Assessment tomorrow. Tired and feel like a fraud

It seems a lot of people feel that way going into the assessment. Feel like I'm going to be wasting their time. Also feel unprepared because I haven't been obsessively looking at all things autism in the last couple of weeks since my assessment was rescheduled (as I had been doing the last few months...). Don't know how to prepare myself for them telling me I don't have it and you're back to square one. Of course if I don't then I don't and that's fine, but it'll be hard. I also have to leave my dogs alone for a few hours while I'm at the assessment and I'll just end up worrying about whether they're okay. Almost feel like I don't want to go. I will because I have waited a long time and I need closure either way but I feel wrong about it somewhow. Anyway. If anyone is interested I will let you know how it goes.

  • Your dogs will just take a nap until you get back. You'll  have them waiting when you get home whatever the outcome.

    It seems like most people have these thoughts as you say just before the assessment  day. There is no equivalent situation I  can think of to compare it to.

    I hope you get your answer tomorrow. 

  • I've been waiting for several months and just received some questionnaires to fill in before attending. I completely understand what you mean about feeling like a fraud - I'm constantly questioning myself (e.g. I'll be having lots of sensory issues and wonder whether it's all in my head). I've wondered whether I'm autistic for years and have only just had the courage to join this group today; I felt I didn't really belong here until I was sure I was a part of the autistic community. Having said that, I've just reached a point where I want to be able to reach out for advice.

    The advice I'm trying to give myself is:

     - Anyone who suspects they're autistic has very good reason for doing so - whether our traits are autism or not, the challenges and experiences we have are real.

     - I've nothing to lose by getting an assessment (don't get me wrong - "feeling" autistic has been such a big part of my identity that I'm scared of having that taken away, but I would come to terms with it and explore other ways to help myself).

     - The assessment day will probably be tough, but it could give me the answers I need and help me get to know myself better - that's a lifelong benefit.

    In terms of your dogs, I'm sure they'll keep each other company. Dogs have no concept of time, so as long as they have water and one another, they'll be okay for a few hours.

    Best of luck for your assessment - I'd be interested to know how it goes.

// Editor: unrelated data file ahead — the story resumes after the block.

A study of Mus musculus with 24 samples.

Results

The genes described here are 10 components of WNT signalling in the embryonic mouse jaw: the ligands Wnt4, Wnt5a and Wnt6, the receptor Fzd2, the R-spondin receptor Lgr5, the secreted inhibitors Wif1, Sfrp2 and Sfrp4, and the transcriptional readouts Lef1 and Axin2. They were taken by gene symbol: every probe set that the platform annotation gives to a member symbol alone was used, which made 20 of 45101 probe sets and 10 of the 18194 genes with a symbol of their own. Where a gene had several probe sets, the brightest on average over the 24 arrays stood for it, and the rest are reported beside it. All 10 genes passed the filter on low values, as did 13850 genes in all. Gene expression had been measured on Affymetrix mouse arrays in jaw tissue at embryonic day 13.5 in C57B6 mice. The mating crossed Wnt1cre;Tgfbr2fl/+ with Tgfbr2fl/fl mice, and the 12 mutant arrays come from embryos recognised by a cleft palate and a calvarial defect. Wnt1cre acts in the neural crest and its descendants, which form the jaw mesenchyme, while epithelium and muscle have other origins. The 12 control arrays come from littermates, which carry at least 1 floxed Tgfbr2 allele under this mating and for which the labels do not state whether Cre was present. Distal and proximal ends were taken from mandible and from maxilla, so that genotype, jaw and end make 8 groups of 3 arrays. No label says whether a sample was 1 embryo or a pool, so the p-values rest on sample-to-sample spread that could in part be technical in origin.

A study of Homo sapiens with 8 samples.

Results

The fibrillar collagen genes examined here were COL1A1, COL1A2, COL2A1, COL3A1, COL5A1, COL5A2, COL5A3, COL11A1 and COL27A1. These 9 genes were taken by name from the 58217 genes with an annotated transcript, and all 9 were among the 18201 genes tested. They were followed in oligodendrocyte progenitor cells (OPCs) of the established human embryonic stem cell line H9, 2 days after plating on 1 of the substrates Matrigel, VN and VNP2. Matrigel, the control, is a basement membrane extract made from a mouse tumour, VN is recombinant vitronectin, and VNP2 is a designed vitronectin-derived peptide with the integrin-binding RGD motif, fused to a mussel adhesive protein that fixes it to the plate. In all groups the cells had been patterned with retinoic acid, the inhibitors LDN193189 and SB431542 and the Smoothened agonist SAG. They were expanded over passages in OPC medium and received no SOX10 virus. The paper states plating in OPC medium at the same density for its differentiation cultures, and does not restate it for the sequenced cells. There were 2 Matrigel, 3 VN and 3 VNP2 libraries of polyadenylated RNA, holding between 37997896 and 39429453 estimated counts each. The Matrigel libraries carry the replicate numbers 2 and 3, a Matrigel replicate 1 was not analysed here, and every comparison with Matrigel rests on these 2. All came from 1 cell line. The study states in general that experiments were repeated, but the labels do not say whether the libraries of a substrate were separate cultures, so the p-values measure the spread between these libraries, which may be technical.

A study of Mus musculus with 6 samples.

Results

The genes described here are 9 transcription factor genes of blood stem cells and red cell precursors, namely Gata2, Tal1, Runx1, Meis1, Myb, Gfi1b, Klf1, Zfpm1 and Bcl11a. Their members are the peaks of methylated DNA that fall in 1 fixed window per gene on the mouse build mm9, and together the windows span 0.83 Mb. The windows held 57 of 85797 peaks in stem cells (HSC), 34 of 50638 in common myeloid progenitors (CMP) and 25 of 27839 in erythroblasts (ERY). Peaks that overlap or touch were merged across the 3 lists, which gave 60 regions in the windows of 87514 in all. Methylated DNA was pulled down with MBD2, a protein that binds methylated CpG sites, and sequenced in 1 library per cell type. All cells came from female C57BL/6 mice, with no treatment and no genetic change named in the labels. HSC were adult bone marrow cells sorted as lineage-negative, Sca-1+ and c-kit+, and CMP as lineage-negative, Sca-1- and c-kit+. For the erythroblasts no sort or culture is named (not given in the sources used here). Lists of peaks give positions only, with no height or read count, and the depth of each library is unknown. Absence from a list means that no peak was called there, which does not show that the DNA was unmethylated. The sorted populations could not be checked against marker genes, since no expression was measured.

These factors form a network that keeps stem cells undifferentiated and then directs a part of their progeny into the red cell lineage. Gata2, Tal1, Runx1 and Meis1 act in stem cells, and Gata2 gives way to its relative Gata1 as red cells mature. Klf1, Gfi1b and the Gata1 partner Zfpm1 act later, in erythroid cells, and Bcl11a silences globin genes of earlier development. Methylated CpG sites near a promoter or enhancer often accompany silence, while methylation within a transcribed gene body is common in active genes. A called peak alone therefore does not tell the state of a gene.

• definitely most people do have these thoughts, I was the same and I read up loads on autism and then didn't read it anything weeks leading up to appoointments largely as it was making me anxious, but these are experts in their field somewhat they will pick stuff up and I don't think u need to prepare, I was the same I wanted to prepare, and even in some of my session I thought I was masking but they still picked loads up even stuff I didn't actually tell them, so try not to worry, u will be fine

  • are experts in their field somewhat they will pick stuff up and I don't think u need to prepare, I was the same I wanted to prepare, and even in some of my session I thought I was masking but they still picked loads up even stuff I didn't actually tell them,

    Yes that's true. 

  • Anyone who suspects they're autistic has very good reason for doing so - whether our traits are autism or not, the challenges and experiences we have are real.

    That's the main thing I  think. Nobody 'wants to be autistic', you have your reasons for going this far. And you deserve a respectful answer one way or the other.

  • I hope so. I've started to doubt my own memories, experiences and feelings and am worried I am just somehow trying to make them fit

  • Thank you both. This really helps. I've never had much self-esteem and never been sure of my interpretations of experiences so I struggle to take my own difficulties seriously, especially while I'm going through a good phase. Like if I've had a good day with friends I feel like I can't possibly autistic if I can have fun with friends. I know it's a stupid way of thinking.

  • Thank you. It really is a strange situation where you can fail or pass but neither is good or bad and you can't even prepare for it to influence the outcome.

    I know the dogs will be fine. They're always good when I leave them, just don't nomally leave them for that long. Just an extra thing I know I'm going to feel anxious about :( 

  • No problem and it's not stupid. The more I read these forums, the more I realise those feelings are very normal. 

  • I've heard this before and I think it's a very sensible saying. I think I first heard it as an anecdote saying that GPs (at least ones who "know") say that if anyone walks into their surgery and says "I think I might be autistic" then they probably are, and will probably have done their research and checked it over many times, because why would anyone who *isn't* autistic think that they were?"

    I said at my ADOS appointment "If I were simply being hypochondriac, then why did I *choose* autism to be hypochondriac about; why not ADHD - which I'm convinced I don't have by the way - or Schizophrenia or some other condition affecting the brain?". My point seemed to go across as well made.